As one sun rises, so must another set in the world. And as music consumption increasingly bets its future on streaming platforms like Spotify and Tidal and Apple Music, the once-pioneering iTunes will look to phase out one of its most enduring and popular features in the next year or so: music downloads.
Apple company sources, speaking to Digital Music News, have said the timeline for phasing out the downloading portion of iTunes has been accelerated; the service will now look to discontinue downloads by the beginning of 2019, shortly after next year’s holiday season. According to the site, “the plan was to sunset music downloads ‘within 2 years’. Now, plummeting download sales may be creating pressure to make good on that aggressive schedule. ‘More and more, [downloads] are legacy,’ one source told DMN. ‘That part is obvious.'”
Granted, the company itself has denied the rumors, but even this seems suspect at best: “Apple has told DMN that no such phase-out plan exists. One source has repeatedly insisted that the plan not only exists, but that it is ‘on schedule,’ or even ahead of the original schedule.” In any case, this heralds the end of an era for Apple, which reinvented defined an entire generation’s listening habits through the miracle of ripping your CDs to AAC files and turning them into embarrassing playlists you gave to high school dates.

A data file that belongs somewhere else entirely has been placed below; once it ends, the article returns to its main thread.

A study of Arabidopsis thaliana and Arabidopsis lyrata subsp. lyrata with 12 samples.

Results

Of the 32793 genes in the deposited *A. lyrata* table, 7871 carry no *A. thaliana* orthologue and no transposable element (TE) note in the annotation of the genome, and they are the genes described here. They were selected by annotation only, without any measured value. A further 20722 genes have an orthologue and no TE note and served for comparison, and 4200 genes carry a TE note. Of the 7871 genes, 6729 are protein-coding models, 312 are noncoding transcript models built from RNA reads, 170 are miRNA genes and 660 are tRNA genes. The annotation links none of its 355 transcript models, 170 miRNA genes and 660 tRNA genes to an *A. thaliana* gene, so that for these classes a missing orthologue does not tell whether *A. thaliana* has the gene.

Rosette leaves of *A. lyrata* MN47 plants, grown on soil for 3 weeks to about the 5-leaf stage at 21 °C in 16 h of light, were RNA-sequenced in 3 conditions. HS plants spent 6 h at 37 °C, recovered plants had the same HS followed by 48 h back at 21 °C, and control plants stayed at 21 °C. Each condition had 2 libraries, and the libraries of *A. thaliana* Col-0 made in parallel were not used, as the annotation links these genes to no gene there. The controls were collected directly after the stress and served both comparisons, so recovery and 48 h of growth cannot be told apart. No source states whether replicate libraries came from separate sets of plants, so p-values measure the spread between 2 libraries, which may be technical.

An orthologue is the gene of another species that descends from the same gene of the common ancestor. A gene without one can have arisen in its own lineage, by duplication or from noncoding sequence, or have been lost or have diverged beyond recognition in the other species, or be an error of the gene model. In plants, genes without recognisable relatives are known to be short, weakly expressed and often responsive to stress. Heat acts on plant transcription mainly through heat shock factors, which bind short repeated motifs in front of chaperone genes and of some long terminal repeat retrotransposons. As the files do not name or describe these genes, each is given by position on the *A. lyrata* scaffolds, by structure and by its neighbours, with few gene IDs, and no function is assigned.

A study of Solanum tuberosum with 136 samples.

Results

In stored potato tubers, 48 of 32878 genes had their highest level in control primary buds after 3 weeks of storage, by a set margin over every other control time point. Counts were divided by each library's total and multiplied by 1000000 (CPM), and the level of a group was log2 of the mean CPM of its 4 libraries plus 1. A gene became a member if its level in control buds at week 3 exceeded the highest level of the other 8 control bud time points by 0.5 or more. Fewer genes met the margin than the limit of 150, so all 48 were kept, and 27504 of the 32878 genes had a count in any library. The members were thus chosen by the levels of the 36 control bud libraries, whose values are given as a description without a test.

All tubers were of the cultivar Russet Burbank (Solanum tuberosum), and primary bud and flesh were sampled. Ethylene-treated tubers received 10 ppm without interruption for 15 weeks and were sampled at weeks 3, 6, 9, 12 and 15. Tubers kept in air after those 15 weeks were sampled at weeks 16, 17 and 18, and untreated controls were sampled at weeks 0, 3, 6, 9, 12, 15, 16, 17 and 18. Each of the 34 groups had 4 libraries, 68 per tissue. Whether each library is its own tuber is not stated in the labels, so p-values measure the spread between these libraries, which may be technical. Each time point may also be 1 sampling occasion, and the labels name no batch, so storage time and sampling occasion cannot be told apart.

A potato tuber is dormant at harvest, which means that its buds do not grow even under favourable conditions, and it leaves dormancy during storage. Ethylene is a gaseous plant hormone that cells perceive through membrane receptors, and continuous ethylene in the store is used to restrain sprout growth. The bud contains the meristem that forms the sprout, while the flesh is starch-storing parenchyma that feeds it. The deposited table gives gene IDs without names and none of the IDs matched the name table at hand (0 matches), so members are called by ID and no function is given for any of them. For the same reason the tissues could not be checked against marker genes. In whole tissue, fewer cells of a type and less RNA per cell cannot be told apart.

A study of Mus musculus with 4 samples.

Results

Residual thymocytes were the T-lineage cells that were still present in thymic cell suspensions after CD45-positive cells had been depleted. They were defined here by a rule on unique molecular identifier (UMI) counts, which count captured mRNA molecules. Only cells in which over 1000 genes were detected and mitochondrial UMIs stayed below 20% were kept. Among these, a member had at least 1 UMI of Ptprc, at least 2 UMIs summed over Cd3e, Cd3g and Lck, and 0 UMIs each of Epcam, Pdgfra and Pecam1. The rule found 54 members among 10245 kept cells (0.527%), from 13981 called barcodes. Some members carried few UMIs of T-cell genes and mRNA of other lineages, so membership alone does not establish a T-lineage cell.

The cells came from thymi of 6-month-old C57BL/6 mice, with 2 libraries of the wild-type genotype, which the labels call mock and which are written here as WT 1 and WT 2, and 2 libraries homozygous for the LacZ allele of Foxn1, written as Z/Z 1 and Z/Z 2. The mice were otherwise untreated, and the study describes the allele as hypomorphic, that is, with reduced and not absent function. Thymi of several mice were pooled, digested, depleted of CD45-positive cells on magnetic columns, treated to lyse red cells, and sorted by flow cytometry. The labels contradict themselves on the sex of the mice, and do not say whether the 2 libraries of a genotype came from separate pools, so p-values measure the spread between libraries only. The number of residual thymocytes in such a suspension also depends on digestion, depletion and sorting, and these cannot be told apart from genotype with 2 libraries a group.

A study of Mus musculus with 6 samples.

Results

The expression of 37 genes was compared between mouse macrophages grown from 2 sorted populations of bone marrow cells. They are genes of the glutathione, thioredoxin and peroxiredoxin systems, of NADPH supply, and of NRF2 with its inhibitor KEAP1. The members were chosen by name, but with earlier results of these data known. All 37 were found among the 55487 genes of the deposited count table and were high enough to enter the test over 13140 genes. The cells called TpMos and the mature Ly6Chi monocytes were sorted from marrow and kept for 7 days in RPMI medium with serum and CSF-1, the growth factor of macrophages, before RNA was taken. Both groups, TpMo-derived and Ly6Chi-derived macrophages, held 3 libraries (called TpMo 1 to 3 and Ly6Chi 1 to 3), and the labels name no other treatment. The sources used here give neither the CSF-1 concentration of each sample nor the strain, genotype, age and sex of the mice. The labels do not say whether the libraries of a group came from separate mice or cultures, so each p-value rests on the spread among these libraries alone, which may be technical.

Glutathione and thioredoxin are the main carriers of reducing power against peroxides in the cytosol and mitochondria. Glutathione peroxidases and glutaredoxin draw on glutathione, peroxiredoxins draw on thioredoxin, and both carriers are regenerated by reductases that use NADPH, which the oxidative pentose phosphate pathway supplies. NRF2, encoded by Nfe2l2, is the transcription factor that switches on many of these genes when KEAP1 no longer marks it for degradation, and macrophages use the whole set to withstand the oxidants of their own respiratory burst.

It’s hardly surprising that Apple would more or less abandon the downloading space, particularly when taking into consideration that streaming is now the gold standard for industry revenues. According to last year’s RIAA report, streaming has become the dominant medium of American music consumption for the first time ever, and while revenues are up, downloads are only being left behind by the march of progress. They claim only 24.1% of the total market share, and with physical media on the rise again (thanks largely to the recent vinyl revival), they’ll become the non-dominant industry medium before long.
Now, Apple will turn its fuller attention to Apple Music, which already has some ground to gain in the next great digital music arms race. Jimmy Iovine, who heads up Apple Music, recently admitted that streaming music services still aren’t “making any money.” However, that didn’t stop Apple from acquiring Shazam, the popular music and media recognition app, for $400 million earlier this week.